Students react to Emerson’s policy change


Emerson College announced a new medical amnesty policy yesterday, allowing students seeking medical assistance for alcohol- and drug-related emergencies to be shielded from school disciplinary measures if they are found to be intoxicated when calling for help. The amnesty applies both to students seeking assistance for themselves or for others and to students receiving it.

Approximately 90 other schools, including Harvard and Northeastern, have such policies. Boston University does not provide medical amnesty for students, but the Student Union is calling on the BU administration to consider enacting a policy to ensure that students can seek out medical treatment without fear of reprisal.

“The problem is that if someone goes to an RA because they’re drunk or high, they’re afraid they will lose housing or scholarships or be expelled,” says Matt Seidel (CAS’10), president of the Student Union. “Friends are taking a sick person to a hospital really far away instead of calling an ambulance. It’s dangerous, because they’re putting their friend’s health in danger because they don’t want to get in trouble.”

Boston University’s policy imposes disciplinary sanctions on students and employees who violate University standards of conduct, which may include expulsion or termination of employment, referral for criminal prosecution, or mandated participation in a treatment, counseling, or other approved rehabilitation program. Conviction may result in fines, imprisonment, and revocation of, or loss of eligibility to receive, federal funding.

Seidel says that students often assume the worst about judicial sanctions, fearing expulsion or arrest. “There’s a strong belief that you will be punished for reporting an incident,” he says. “Until there’s an actual policy, every student will still believe that BU has zero tolerance and will put themselves in danger.”

The Student Union also supports the University’s adoption of a Request to Invoke form, a form that students fill out after an incident has occurred requesting disciplinary exemption.

“I think it’s important to foster a much more honest discussion about alcohol and drugs on campus and encourage people to put health first,” Seidel says. “It will make for a healthier and safer campus.”

For more information about the Student Union’s position on medical amnesty, click here.

Edward A. Brown can be reached at ebrown@bu.edu. Kimberly Cornuelle can be reached at kcornuel@bu.edu. Amy Laskowski can be reached at amlaskow@bu.edu.

5 Comments

5 Comments on Do BU Students Need Medical Amnesty?

  • Nicholas M. Cummings on 02.20.2009 at 5:37 am

    Medical Amnesty for BU students

    In a similar spirit to good Samaritan laws, amnesty encourages people to help their brethren by creating an environment in which the person seeking help won’t be punished for their appropriate judgment in choosing to aid a debilitated person.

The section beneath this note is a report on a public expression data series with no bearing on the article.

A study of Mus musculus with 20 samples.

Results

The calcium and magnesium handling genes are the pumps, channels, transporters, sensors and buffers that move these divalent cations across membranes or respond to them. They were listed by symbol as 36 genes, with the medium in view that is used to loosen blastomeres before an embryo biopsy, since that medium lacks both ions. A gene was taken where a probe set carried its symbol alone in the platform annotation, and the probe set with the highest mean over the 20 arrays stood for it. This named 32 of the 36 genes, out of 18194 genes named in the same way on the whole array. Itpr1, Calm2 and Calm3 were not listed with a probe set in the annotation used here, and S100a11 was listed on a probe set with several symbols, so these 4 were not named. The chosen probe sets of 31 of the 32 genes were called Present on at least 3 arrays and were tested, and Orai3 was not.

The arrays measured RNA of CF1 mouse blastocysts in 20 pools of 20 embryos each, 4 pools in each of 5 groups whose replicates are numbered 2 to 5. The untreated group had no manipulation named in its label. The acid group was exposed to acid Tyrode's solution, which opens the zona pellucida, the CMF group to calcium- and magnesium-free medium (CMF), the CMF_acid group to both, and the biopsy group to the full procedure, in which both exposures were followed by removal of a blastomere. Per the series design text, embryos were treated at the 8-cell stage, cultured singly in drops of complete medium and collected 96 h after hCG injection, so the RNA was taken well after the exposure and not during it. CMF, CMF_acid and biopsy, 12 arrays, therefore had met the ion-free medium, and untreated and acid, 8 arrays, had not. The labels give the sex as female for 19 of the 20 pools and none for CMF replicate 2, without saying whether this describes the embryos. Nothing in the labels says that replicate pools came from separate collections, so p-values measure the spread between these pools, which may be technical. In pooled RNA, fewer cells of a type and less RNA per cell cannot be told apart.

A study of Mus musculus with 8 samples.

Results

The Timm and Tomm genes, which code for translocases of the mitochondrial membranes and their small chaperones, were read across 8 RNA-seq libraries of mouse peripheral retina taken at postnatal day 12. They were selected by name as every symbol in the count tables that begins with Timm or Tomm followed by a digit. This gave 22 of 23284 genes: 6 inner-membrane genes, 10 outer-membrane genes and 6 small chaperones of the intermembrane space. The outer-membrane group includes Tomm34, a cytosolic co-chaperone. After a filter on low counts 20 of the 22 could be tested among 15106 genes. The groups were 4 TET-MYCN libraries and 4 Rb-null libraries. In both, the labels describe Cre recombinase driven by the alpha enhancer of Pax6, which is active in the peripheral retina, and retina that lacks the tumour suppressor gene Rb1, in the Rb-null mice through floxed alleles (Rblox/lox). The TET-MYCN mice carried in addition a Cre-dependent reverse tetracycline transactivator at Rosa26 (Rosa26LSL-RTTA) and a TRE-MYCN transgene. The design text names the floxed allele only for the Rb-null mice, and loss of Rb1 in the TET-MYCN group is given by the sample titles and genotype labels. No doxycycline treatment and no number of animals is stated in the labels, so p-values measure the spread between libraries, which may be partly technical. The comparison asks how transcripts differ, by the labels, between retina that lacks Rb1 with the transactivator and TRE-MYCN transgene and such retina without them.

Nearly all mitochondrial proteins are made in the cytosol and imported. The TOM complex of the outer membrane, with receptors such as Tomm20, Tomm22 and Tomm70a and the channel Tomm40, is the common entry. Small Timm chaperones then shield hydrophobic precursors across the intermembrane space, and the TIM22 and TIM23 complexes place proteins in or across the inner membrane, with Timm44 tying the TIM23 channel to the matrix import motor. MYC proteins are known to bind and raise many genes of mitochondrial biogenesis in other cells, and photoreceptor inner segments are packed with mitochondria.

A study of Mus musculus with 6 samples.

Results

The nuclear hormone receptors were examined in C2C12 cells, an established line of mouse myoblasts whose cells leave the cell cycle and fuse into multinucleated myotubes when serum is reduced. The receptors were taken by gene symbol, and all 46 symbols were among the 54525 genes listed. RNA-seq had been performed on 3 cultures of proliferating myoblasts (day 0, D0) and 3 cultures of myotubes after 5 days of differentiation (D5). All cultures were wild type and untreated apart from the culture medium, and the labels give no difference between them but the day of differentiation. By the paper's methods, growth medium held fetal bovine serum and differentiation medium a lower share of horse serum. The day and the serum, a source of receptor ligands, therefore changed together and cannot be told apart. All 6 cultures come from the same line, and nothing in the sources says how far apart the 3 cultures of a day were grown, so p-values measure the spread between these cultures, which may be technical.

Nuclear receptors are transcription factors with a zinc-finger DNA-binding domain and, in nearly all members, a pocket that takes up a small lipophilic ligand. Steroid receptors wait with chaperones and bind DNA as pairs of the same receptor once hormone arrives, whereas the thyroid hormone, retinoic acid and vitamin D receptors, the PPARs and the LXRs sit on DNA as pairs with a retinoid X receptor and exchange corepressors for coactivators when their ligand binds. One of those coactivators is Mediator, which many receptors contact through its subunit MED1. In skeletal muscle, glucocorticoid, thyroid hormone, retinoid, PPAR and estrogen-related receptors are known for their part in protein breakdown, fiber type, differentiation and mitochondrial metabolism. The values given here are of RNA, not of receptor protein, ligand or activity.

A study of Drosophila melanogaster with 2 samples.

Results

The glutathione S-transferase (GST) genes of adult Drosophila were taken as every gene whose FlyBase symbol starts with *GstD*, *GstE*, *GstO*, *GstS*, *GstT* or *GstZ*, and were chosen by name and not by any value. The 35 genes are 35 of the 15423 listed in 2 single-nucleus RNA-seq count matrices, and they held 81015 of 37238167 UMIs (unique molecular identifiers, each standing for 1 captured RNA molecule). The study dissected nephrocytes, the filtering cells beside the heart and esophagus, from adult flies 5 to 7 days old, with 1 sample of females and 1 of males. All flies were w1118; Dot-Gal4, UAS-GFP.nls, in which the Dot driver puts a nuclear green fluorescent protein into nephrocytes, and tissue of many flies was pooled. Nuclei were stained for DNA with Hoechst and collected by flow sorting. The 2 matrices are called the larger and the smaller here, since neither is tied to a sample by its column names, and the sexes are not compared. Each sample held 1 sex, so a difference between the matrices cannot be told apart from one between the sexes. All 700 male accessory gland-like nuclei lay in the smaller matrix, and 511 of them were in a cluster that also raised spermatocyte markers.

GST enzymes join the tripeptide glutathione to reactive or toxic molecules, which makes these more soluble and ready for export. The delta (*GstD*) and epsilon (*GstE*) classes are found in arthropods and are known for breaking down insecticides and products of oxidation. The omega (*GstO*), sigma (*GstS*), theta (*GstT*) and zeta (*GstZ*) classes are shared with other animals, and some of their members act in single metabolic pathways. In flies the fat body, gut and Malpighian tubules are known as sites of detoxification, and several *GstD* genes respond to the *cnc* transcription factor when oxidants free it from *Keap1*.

As the policy exists right now, people are being asked to seek help for their peers at consequence to themselves, which is significantly counterproductive. This is living in an idealistic, unrealistic world.

    Seeking help at guaranteed consequence to oneself is tantamount to punishing oneself. People are naturally going to be disinclined to punish themselves.

    Punishing people who perform good deeds in right judgment discourages people from seeking help, if not dissuades them from seeking help at all. With retribution guaranteed, students are going to be more inclined to take their chances and hope that their friend is not one of the 1700 / millions (<1%) who die from alcohol-related incident instead of taking the appropriate measures to ensure their friend’s well-being.

    Put in real world terms, as in not Boston University policy, retribution raises the threshold at which people will be willing to seek help. People will wait until problems are more severe before seeking help, if at all. It’s simple economics (if the people making the policies actually take advantage of the resource that’s probably less than a half a mile away from them).

    The image of idealism and morality has its place until somebody dies needlessly because the people who could have helped were expected to do so at their own expense.

  • Anonymous on 02.20.2009 at 10:16 am

    amnesty policy

    I think this makes perfect sense and applaud the student union for pursuing this change. clearly, it will enable students to get help more quickly and safely.

  • Andre on 02.20.2009 at 4:08 pm

    Health should come first

    We should definitely have medical amnesty. No policy should put anyone’s health in danger, it’s just not worth it. A problem may arise though, where those who are dangerously intoxicated and need medical attention may get amnesty, but what about those who just have a buzz and are caught by their RA? In either case, maybe the “punishment” should really be requiring a certain number of sessions with a mental health professional. They will be expelled or lose their scholarship based on their grades, so if they maintain their behavior they will pay in the end anyway.

  • Anonymous on 02.21.2009 at 11:44 am

    Absolutely. No student should have to weigh the costs and benefits of calling for medical attention, but I personally know many people who have had to face that decision. When you see your entire academic career flashing before your eyes, it gives one pause. BU should not put their students in that terrible position.

  • Rationalist on 02.23.2009 at 5:41 pm

    Decisions, consequences.

    The decision to drink irresponsibly ITSELF contains the possible medical conditions and “troubles” that a student might get into.

    Such an amnesty policy will prohibits students to educate themselves on how to make their life decisions in real world conditions.

    If you made a decision, YOU HAVE TO FACE THE CONSEQUENCES.